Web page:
Air-side in the Asian Café Bowl Bowl,
a mug of creamed coffee
and a madelaine for comfort for I am tired
and Tokyo’s mass-produced pastry is wonderful,
light as air this one, promising little but holding
fat almonds sweet as butter.
The café is crazy, there are waitresses yelling orders
over the maddening tannoy announcements,
folk drinking beer with their breakfast noodles.
The walls are the colour of rice,
steamed windows overlook
parked aeroplanes and terminal buildings
this port’s concrete apparatus.
I am never closer to the truth of a question
posed by the hard granite pavement of this city
the familiarity of its strange poses, its strange people:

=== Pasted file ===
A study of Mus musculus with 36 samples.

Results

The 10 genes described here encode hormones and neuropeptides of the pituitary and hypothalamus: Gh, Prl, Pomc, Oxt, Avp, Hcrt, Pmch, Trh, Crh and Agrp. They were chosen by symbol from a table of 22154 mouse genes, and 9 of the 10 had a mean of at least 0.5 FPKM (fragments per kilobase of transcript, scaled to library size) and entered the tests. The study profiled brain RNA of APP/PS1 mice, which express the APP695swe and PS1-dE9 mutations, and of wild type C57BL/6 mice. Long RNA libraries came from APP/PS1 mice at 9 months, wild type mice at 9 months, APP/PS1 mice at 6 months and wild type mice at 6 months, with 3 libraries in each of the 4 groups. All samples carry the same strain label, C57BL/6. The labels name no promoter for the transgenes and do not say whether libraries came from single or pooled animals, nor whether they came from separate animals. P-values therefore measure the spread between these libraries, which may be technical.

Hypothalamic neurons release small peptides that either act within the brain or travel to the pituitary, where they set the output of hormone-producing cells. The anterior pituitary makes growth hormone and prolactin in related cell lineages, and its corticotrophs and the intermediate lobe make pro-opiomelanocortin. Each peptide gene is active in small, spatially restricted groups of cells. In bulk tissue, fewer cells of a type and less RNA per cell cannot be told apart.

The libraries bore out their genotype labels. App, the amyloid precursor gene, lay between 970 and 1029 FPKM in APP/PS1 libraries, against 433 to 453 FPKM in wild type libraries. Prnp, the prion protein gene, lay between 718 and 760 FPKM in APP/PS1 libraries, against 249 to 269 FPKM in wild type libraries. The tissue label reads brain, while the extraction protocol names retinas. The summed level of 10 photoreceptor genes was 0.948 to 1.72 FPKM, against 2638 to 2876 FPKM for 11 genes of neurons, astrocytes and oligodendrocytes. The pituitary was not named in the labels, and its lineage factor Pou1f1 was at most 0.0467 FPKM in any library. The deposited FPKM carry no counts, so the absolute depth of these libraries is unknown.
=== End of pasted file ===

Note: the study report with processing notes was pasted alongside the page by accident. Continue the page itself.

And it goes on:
what creates affinity?
What binds us to a place
so that we choose to stay?
There are trees behind the airport fence,
trees and a chimney and gas storage tanks
a dark green forest and it must be quiet over there.
The patient nature of the trees reminds me of my garden
and then another aeroplane lumbers away towards the horizon.
Somewhere beyond that green forest is my home
and though I can’t see it
I am looking for it.
I am already on the move,
going home I am speaking my children’s names,
and they are getting closer.
The tarmac apron, the little jeeps and the airport buses,
the dented luggage crates and aeroplanes:
I don’t own any of this,
all of it is happening to me
and I must play my part
make my way across the earth.
I am raising my children with ideas, knowing
my children are not mine, not really
they are themselves,
they are like these planes at Narita
and I am their tarmac, their source of aviation fuel.
One day ideas will pick them up
and fly them away from me.
At least I hope that’s what happens.
They must go,
and one day they may come home.
If I had a tannoy this would be my announcement.